Recorded Books—the largest independent audiobook publisher (with more than 30,000 exclusive titles) and a digital media provider—recently launched an enhanced version of the RBdigital app for libraries that aggregates its content services on one platform for patrons to access and borrow. There are more than 10 content types from which to choose, including audiobooks from Recorded Books and other publishers, ebooks, digital magazines and comics, streaming videos (movies, documentaries, shorts, TV shows, Broadway shows, telenovelas, and more), instructional content such as language-learning and software-training tools, and full-length concerts and music documentaries. Video games will be added soon.
Come for the Doc Martin, Stay for the Company
In addition to updating its app, Recorded Books has become the first vendor to launch an unlimited streaming video service for libraries. Patrons can use RBdigital to binge-watch streaming videos for free by clicking on the app’s 7-day access pass (for available titles). When the week is up, they get an alert, and they can check out the pass again if need be. And libraries can save the money they would have spent on pricey individual videos. With this model, they’re paying only pennies per view, says John Shea, Recorded Books’ chief product and marketing officer. Many services want to bill themselves as true Netflix competitors, but Recorded Books may actually be worthy of the title once it builds up its catalog.
For now, it has made deals with nearly 10 companies, such as Acorn TV, which provides British TV shows and films, more than 80 of which are exclusive to Acorn; IndieFlix, which offers comedies, documentaries, dramas, animated titles, shorts, and classic TV shows; and BroadwayHD, which has live and recorded Broadway plays and musicals. “We have a long pipeline of other partners that are coming on board,” Shea says. “Three are live right now, another four or five will be over the next 6 weeks, and then there’s a lot more coming after that.”
Money, Money, Money
Here’s the pricing model: Instead of charging libraries for each video a patron watches, like its competitors do (for example, some charge $1.99 per episode viewed), Recorded Books charges libraries a single checkout fee of $2.99 for a 7-day period, during which patrons can watch as many videos as they want. It’s a pay-per-use model instead of pay-per-view.
“Some libraries will only give the user the ability to watch a very small number of videos in a month or in a week. They can cap it all sorts of different ways, and they have to do that because it gets too expensive for their budget,” says Shea. “So what we’re trying to do is change the game and enable patrons and libraries to act the way folks do with their Netflix and other consumer streaming services.”
Recorded Books set the viewing cap at 7 days after doing calculations on how much patrons could typically watch per week—it’s a safe bet that most people aren’t going to be bingeing nonstop … right? If a patron watches 14 episodes in a week, competitors would be charging libraries nearly $30. With Recorded Books, libraries only pay $2.99, which computes to about 21 cents for each episode. “We wanted to make it affordable, we wanted to make it so that it was a meaningful period of time where they could binge-watch a lot of content, but make it so that the library wasn’t being charged a very high amount that is almost in line with what our competition charges for only one view,” says Shea.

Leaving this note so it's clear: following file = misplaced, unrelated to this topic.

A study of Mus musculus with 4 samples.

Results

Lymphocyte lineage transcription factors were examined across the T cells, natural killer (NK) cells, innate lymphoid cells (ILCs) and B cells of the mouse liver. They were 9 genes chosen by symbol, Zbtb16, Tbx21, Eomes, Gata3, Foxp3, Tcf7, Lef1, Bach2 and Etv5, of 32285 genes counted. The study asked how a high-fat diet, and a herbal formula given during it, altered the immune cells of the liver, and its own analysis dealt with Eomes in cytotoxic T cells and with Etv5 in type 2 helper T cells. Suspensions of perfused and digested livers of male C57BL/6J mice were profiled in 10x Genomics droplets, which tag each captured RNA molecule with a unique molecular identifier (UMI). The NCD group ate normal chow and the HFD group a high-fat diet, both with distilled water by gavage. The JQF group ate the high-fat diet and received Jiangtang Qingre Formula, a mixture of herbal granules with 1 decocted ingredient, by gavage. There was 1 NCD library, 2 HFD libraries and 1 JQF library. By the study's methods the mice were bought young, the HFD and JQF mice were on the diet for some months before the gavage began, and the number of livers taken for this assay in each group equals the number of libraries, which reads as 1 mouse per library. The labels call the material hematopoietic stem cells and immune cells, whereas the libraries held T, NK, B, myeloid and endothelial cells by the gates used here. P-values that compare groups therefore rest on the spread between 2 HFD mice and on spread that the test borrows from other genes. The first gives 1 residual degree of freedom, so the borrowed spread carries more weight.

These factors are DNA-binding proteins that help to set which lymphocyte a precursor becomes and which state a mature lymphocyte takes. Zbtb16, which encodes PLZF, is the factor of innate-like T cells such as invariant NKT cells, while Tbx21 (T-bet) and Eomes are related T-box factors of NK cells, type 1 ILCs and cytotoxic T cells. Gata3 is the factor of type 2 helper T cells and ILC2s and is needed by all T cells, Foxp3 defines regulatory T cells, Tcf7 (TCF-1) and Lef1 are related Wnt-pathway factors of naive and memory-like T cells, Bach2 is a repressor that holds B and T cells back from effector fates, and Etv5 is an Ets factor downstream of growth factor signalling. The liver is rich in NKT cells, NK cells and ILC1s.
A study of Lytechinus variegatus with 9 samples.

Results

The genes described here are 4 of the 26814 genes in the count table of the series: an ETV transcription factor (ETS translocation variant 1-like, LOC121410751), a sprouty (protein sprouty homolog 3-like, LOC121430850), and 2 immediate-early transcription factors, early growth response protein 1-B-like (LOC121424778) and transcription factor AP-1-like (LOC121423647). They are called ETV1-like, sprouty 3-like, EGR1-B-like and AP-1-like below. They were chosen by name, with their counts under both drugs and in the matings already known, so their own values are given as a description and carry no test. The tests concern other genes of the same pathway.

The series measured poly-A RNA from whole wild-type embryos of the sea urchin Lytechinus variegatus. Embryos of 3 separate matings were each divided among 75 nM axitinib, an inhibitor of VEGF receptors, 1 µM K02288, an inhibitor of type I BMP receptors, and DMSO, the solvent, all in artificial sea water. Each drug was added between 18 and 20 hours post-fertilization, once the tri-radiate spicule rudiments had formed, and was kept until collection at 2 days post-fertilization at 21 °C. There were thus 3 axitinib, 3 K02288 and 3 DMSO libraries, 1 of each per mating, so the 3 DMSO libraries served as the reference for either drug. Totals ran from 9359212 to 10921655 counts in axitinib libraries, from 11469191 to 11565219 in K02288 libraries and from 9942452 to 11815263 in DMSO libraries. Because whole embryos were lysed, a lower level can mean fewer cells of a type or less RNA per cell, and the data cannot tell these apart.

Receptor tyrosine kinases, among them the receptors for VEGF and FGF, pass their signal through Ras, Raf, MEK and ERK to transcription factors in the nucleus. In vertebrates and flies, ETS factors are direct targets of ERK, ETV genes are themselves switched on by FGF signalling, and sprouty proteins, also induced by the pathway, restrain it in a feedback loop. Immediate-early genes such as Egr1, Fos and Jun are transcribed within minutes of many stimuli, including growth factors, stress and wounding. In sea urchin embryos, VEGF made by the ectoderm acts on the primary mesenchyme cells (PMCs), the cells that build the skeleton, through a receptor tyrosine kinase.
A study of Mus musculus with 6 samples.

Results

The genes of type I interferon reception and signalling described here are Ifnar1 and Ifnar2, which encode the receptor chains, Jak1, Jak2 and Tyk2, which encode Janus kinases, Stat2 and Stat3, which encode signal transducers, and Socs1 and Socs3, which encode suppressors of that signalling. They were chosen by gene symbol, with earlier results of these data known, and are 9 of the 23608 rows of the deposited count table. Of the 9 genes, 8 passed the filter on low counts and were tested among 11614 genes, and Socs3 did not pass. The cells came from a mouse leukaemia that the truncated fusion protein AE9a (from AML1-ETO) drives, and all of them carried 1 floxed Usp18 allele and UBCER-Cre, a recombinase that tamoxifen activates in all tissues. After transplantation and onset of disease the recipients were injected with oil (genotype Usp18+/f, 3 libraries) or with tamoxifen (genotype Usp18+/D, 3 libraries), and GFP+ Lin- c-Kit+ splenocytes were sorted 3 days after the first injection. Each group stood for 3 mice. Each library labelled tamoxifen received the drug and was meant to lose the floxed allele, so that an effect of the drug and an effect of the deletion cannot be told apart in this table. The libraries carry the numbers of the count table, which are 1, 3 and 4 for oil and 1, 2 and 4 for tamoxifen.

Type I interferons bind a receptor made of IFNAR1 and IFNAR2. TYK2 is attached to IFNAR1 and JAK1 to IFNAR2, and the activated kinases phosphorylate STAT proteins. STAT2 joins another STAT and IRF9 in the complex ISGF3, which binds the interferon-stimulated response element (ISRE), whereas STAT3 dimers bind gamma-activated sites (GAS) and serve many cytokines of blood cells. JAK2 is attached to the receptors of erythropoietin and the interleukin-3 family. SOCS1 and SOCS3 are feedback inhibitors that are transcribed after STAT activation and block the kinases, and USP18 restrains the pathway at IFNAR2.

Working Out the Kinks
RBdigital has gotten mixed reviews in the Google Play Store and the Apple App Store, and Shea says the company has worked to fix the problems in the digital magazine section of the app, which is what users have complained about the most. “I’m happy to say that we have worked very diligently on those items and corrected those items, and we have another release that should finish off any of the lingering challenges we had around the magazine front, so we’ve made a lot of good progress there,” says Shea. The newest update adding more content is also designed to improve the user experience “so that we’re ranking very highly on the app scores going forward,” he says.
In-house designers are always working on the user interface. They want people to be able to navigate the app’s sections easily so they can find the content type they want to borrow, especially now that there are so many from which to choose. “When they’re going to access content it should be lightning fast, and so we’ve really worked to improve the speed of delivery,” says Shea.
The app serves more than 5,000 public and higher education libraries, although most customers are from public libraries. Academic and school libraries are markets Recorded Books is going to reach out to in a more substantial way going forward. Especially given the educational content in RBdigital, Shea believes that these institutions would benefit from access to it. He says meeting their needs has become a focus area for the company.
Four Reasons to Choose RBdigital
Shea says the RBdigital app is unique in two ways: It offers the broadest array of services available in a single app for library users (those 10-plus content types), and Recorded Books is the only company that is a content producer (of both classic and current audiobooks) as well as a content provider.
Becky Wyatt, Recorded Books’ digital products marketing manager, has her own take on RBdigital. Patrons are “going to log on to our app, and they’re going to see everything that the library offers in the app. So it really makes it easy for the library to make their patrons aware of all the services they offer; they’re right here in the app,” she says. And “when a library has so many different services to manage on so many different apps, that’s going to increase their workload.” RBdigital is one way to reduce time spent on content management. And hey, the faster your work is done, the faster you can get to binge-watching.